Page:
Factors associated with nosocomial infection in the elderly in the Intensive Care Unit
Background: The elderly have increased vulnerability to disease and exposure to hospital infections.
Aims: The study aims to evaluate the clinical and epidemiological factors associated with nosocomial infection in the elderly.
Methods: A retrospective study with a population of 625 elderly patients admitted to intensive care units and a sample of 308 elderly who developed nosocomial infection from January 2012 to June 2015.
Results: A total of 49.7% of the elderly presented a growth of micro-organisms in tracheal aspirates. The diseases classified as "other" increased likelihood of tracheal infection (3.61, 95% - CI 1.84 to 7.10; p = 0.005) and the probability of growth of micro-organism in the culture performed elsewhere - general (8.96, 95% - CI 3.03 to 26.49; p = 0.005). Surgical procedures increased the chance of growth of micro-organisms in tracheal secretion culture (OR 1.96, 95% CI 1.11 to 3.48) and surgical site culture (OR 5.06, 95% CI 1, from 76 to 14.55). The neurological disease increased the chance of growth of micro-organisms in the cultures of tracheal secretions, blood and general (OR 3.80, 95% CI 1.22 to 11.83; OR 3.27, 95% CI 1.24 - 8.66; OR 15.61, 95% CI 4.78 to 50.98). The pneumothorax increases by four times the probability of growth of micro-organisms in the catheter tip (OR 4.17, 95% CI 1.24 to 13.97). Chronic and acute renal failure and other diagnoses increased by eighteen times the chance of growth of micro-organisms in general culture (OR 18.06, 95% CI 3.63 to 89.86).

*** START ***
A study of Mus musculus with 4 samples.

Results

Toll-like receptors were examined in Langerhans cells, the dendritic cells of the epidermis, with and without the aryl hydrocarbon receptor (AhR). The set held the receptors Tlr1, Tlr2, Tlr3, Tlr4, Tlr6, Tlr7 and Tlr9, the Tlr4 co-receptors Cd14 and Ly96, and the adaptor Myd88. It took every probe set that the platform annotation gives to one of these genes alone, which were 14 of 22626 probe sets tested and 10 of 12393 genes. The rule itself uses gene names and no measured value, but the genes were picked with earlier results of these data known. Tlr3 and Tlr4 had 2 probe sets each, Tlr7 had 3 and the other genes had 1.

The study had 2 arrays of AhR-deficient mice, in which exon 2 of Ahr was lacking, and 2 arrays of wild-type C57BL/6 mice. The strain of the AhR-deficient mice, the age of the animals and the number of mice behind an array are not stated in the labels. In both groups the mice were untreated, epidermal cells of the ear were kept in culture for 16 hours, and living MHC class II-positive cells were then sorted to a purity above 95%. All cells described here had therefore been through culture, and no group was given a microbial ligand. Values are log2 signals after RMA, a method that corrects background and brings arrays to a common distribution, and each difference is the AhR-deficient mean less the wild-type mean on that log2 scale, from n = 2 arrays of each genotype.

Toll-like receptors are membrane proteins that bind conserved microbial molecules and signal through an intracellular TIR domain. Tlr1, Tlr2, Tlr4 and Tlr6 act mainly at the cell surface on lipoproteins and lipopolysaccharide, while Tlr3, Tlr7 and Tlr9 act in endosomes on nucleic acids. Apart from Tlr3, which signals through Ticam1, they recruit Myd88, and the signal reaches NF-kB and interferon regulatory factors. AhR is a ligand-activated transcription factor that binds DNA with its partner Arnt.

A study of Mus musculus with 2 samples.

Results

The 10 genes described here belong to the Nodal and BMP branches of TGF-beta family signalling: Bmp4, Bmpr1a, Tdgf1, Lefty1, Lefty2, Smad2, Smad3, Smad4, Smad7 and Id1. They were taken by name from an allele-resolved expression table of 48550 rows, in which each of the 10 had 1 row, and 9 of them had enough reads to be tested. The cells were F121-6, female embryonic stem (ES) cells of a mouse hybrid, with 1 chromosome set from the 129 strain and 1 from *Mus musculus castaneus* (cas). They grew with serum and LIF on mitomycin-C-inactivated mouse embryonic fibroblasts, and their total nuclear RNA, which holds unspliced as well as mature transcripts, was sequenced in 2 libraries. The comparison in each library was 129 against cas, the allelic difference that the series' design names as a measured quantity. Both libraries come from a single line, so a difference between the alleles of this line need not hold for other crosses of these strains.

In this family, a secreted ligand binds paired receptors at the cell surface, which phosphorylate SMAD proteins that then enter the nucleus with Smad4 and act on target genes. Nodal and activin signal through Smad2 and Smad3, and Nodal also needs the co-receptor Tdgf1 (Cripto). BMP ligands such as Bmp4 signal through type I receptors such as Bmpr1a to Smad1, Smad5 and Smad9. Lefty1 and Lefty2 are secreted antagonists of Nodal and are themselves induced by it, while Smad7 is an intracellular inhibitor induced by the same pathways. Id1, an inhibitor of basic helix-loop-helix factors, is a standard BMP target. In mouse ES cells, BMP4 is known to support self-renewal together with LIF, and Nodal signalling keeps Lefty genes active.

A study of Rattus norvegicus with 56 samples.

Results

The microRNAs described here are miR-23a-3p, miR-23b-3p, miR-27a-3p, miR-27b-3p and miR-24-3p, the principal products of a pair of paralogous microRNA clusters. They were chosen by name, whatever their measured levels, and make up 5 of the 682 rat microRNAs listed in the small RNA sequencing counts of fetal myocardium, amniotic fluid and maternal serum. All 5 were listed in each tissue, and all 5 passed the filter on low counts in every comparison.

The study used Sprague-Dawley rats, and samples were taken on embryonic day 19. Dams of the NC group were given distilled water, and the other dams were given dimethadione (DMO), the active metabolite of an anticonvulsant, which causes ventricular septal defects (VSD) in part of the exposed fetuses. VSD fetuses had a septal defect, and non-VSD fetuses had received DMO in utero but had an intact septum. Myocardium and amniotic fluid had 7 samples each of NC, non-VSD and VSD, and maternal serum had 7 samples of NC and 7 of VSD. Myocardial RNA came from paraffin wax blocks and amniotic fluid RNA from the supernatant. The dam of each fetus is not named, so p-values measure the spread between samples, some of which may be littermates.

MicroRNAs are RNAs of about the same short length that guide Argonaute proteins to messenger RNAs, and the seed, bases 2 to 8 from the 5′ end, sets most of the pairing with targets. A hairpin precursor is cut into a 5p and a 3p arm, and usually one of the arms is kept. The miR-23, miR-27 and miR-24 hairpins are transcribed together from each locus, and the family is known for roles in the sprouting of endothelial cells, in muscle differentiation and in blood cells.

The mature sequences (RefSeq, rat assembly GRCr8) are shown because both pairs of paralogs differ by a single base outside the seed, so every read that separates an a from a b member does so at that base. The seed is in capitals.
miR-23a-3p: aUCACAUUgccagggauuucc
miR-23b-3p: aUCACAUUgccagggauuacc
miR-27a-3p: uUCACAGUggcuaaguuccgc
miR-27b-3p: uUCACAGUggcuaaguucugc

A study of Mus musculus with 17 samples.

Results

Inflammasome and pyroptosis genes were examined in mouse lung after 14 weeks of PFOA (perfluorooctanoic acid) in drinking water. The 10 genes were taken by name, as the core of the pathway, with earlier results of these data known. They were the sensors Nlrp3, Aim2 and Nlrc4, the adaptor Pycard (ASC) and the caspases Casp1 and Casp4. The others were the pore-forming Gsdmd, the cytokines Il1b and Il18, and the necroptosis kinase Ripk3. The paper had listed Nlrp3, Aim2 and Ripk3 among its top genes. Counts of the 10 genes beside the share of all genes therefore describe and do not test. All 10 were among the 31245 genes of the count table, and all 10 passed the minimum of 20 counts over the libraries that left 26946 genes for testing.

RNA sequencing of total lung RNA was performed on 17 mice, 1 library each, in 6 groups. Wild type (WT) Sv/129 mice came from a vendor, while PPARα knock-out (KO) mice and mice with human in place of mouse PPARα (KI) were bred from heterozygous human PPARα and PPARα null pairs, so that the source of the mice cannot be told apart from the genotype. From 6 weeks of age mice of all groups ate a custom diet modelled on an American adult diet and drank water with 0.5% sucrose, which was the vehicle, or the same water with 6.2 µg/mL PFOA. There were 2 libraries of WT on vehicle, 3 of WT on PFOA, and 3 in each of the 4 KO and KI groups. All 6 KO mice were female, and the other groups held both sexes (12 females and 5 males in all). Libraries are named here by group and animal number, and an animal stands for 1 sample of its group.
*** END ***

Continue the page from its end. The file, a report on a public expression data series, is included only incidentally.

Conclusion: The main risk factors for nosocomial infection of elderly in the Intensive Care Unit are chronic and acute renal failure, neurological diseases and surgical procedures and must be adopted a policy of prevention and control of nosocomial infection in the treatment of the elderly.
Keywords: Elderly, Cross infection, Intensive care.